The Alaska Department of Motor Vehicles is asking for funds to send employees into rural communities in order to create Real IDs before the Oct. 1, 2020, deadline that will bar flight passengers from using a traditional driver’s license to board a plane.
The federal Real ID program issues driver’s licenses that comply with a stricter set of federal identification standards. After October, traditional driver’s licenses will no longer be accepted to enter a federal building, military base or board a commercial airplane. People may use passports instead.
Alaska Department of Administration Commissioner Kelly Tshibaka said the department needs $60,000 in urgent funding to visit rural communities throughout the state.
“We do have DMV locations out in rural locations, they’re just not out in the remote villages and areas of rural Alaska,” she said. “We do have places, like in Dillingham and Bethel and Napakiak — we would just like to take DMV even further.”
Tshibaka said Monday that it is not yet known where the money for the effort will come from. Officials are asking legislators, nonprofits and tribal communities for help. The department will also accept donations from the public to help fund the project, Tshibaka said. She wrote in a follow up email that donations can be delivered to any DMV location or mailed to the DMV office at 1300 W. Benson Blvd. in Anchorage.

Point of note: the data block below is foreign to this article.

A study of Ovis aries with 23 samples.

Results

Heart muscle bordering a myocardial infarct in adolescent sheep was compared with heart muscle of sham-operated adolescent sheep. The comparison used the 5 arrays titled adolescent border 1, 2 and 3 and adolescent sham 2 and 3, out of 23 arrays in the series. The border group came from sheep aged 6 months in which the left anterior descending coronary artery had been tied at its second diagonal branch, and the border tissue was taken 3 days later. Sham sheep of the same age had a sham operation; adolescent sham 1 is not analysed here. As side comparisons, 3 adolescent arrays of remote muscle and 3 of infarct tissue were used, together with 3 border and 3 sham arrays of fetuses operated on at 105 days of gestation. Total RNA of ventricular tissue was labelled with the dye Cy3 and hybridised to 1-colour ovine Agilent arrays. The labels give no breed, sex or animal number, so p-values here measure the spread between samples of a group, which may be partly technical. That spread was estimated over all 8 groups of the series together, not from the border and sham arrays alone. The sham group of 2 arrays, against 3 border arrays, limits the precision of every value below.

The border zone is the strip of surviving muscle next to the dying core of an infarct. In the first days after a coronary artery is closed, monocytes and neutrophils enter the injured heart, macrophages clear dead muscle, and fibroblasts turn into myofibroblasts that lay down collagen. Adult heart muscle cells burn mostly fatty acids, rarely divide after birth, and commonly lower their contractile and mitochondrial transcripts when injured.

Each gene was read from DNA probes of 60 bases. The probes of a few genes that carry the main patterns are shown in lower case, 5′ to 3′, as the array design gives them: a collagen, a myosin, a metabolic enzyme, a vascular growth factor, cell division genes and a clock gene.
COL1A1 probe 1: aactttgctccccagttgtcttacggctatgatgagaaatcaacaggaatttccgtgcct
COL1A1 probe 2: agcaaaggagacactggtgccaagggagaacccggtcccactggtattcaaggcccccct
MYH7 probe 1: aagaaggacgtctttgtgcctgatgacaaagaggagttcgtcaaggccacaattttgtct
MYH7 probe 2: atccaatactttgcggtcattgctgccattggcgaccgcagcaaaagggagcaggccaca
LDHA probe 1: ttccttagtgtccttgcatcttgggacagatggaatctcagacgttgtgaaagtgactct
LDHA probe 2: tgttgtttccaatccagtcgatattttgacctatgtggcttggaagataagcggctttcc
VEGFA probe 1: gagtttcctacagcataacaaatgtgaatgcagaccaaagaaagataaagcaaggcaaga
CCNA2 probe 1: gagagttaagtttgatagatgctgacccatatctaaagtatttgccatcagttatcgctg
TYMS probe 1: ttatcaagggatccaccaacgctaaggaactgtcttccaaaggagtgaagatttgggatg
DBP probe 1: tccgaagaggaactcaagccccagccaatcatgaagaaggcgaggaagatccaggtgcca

“We have about 100 communities that we’re looking to visit in eight different regions. We can do that for $60,000,” Tshibaka said. “If you want to give then we would love to see that happen and make that happen.”
Traveling to one of the DMV’s 50 existing locations may be time consuming and costly for those living in rural communities, which is why Tshibaka said the department launched the DMV On The Go rural outreach program.
The department traded in old equipment last week in exchange for a mobile machine capable of creating Real IDs.
“I believe we’re the only state that even has this kind of thing created because we wanted to think outside the box and figure out how we can take the DMV to a rural location to serve our customers,” Tshibaka said.
The Real ID costs $40, which is twice as much as a traditional driver’s license, and requires extra documentation. According to the DMV’s checklist, a passport, naturalization or birth certificate is required along with a social security card or a document containing a social security number and two non-handwritten documents listing a primary address.
Tshibaka said 90,000 Alaskans have already switched to a Real ID. She said the DMV is expecting higher-than-normal waiting times throughout the summer as the deadline closes in.
“Most of our customers come into DMV locations over the summer to get their licenses,” Tshibaka said. “What we would like to see is for everyone to come in this winter to avoid what we are anticipating to be three- and four-hour-long lines this summer.”